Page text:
If one thing has come from the global coronavirus pandemic, it’s that mental health deserves to be a priority. For those who ignored the importance of it before, weeks of lockdown and forced isolation proved just how significant our mental health is for over wellbeing and happiness. But while the mental health crisis has long been overshadowed by other issues, across much of the world, people are now talking about it without shame or judgment. And for kids in the United States, they’re now pushing for mental health to be a priority, with a number of schools adopting a bill that will allow students to be absent from school due to reasons pertaining to mental health.
It’s hard to grasp just how profound the pandemic has been for school students. Even for University students, theirs is a life that has been turned upside down as they resort to remote learning. For teachers across the country, this has been a challenging period and it’s hard to imagine just what it’s doing to children who can’t meet up with friends, have play dates, or are perhaps feeling left behind due to inadequate equipment, resources, or simply a difficulty with the online learning system.
As the New York Times reports, sweeping changes across the United States have seen a number of states embrace a new pill that permits children to be absent from school for mental or behavioural health reasons. Already, such bills are in place in Arizona, Colorado, Connecticut, Illinois, Maine, Nevada, Oregon and Virginia, with Utah now becoming the latest to decide that a “valid excuse” for a student’s absence can now include “mental or behavioural health”. It’s a significant milestone for schools and students alike, and not only allows children to acknowledge and prioritise their mental health, but broadens the definition from that which used to solely identify mental illness.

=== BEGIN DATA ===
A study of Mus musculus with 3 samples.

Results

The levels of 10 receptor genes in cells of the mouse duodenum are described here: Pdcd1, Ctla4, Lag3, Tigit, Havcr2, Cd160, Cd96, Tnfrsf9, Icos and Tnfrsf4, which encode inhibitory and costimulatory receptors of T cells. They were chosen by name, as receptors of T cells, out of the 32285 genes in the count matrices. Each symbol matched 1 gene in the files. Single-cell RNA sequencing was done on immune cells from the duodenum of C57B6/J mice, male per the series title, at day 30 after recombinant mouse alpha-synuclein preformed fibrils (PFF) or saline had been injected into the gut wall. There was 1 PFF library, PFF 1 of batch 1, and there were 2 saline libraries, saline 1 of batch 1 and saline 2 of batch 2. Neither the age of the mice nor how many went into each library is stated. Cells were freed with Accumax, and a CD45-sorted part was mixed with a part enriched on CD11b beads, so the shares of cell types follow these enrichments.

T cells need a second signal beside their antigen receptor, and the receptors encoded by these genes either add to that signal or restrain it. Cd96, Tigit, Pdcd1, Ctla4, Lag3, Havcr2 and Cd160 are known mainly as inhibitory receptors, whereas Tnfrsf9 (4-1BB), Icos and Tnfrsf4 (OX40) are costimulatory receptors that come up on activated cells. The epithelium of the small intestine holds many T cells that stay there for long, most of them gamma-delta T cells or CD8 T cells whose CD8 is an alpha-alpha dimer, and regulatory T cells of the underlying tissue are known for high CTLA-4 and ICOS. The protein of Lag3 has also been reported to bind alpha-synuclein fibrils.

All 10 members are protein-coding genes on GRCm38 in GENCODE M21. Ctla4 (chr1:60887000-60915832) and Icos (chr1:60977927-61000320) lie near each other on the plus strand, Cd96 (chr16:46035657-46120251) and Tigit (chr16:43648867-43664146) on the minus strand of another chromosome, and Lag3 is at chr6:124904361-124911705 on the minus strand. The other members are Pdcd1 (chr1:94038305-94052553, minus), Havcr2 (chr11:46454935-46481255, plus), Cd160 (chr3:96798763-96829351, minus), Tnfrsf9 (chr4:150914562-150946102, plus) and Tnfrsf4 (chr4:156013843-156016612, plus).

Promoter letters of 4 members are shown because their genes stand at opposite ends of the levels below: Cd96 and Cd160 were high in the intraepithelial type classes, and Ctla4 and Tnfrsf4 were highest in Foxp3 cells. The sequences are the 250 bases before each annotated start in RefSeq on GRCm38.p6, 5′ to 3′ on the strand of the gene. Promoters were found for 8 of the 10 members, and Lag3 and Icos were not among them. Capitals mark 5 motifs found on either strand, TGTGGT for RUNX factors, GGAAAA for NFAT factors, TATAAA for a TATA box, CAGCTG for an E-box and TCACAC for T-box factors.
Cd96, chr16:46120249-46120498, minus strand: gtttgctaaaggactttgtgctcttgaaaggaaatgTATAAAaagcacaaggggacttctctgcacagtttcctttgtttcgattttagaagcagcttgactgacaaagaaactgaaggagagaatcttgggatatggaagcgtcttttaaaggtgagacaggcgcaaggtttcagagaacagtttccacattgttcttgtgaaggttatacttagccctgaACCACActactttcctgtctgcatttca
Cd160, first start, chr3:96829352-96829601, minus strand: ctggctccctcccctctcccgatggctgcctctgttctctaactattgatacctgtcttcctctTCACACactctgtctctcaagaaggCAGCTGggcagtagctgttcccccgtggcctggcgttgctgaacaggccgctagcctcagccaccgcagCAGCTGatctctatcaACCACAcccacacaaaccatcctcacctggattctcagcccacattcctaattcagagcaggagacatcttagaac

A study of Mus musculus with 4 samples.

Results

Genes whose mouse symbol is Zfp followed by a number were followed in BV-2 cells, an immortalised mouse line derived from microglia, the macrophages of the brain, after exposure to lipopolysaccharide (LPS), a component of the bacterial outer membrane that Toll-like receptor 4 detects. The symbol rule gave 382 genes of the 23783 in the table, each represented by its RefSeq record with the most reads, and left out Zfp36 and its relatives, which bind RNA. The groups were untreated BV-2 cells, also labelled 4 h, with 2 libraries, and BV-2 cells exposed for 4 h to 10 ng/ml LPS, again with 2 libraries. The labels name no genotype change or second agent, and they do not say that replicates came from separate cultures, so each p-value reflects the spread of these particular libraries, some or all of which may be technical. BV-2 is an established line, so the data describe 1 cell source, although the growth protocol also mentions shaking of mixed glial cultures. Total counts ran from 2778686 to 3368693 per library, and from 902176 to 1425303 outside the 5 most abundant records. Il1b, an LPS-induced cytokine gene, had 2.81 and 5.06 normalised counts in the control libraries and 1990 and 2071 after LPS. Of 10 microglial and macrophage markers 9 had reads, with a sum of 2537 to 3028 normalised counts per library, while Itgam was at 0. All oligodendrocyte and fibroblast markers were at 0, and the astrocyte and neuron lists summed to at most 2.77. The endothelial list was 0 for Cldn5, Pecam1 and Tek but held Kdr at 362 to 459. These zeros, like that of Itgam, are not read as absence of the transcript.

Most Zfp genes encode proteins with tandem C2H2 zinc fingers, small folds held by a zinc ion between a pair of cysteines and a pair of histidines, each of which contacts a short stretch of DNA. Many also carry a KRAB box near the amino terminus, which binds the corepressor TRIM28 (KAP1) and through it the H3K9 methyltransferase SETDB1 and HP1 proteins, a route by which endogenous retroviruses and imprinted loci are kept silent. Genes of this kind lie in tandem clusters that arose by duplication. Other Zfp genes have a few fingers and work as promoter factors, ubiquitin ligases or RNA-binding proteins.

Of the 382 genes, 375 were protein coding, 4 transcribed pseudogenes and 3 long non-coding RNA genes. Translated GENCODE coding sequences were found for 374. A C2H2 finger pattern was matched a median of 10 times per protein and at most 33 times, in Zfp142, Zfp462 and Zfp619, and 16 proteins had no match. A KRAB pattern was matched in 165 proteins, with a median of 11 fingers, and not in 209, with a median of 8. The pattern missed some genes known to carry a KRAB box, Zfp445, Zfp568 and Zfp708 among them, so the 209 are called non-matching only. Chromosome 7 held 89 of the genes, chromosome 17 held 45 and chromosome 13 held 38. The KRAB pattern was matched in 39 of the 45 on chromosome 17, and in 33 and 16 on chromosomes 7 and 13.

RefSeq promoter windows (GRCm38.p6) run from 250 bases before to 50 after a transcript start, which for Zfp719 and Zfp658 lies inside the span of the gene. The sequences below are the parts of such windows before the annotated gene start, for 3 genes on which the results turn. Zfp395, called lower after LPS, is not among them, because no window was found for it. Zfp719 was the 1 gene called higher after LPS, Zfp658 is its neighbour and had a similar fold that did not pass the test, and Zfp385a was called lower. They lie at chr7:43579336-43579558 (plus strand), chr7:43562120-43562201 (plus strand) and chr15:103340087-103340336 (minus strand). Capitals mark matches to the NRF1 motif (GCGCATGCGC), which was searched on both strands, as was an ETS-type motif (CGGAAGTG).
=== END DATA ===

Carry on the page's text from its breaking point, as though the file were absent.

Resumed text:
While some still believe the idea of a mental health day is murky territory, with no resounding definition currently being used to define it or how best to spend it, it essentially affords a day to reset and take a break from your regular routine. Even for adults, a mental health day can be vital. Think about those instances where you suffered a loss, went through a tumultuous breakup, or simply felt burnt out and exhausted. Having just one day off without judgment to recalibrate can do wonders.
As NYT reports, many of these changes were a direct result of campaigns led by students themselves. According to reports, in 2020 advocacy group Mental Health America surveyed teenagers about the top three things that would be most helpful for their mental health. More than half of the respondents cited the ability to take a mental health break or absence from either school or work. This is further supported by a poll of more than 1,500 teenagers conducted in May of 2020 by Harris Poll, which discovered 78 per cent of those surveyed said schools should support mental health days to allow students to prioritise their health.
Medical directors and experts have cautioned parents to use the mental health day their children choose to take carefully. Some advocate for using it as a means of celebrating your child’s efforts in school, but caution that such days off should not be taken simply to help your child avoid situations at school that are making them uncomfortable. In these instances, if it’s a result of anxiety or depression, it involves a deeper conversation and perhaps, a long-term solution that can’t be addressed with a day or two off.
Still, the implementation of such a bill in the United States is cause for celebration, and certainly illustrates the need to keep advocating for and championing mental health. Hopefully it will only be a matter of time before such a thing becomes a law here in Australian schools, too.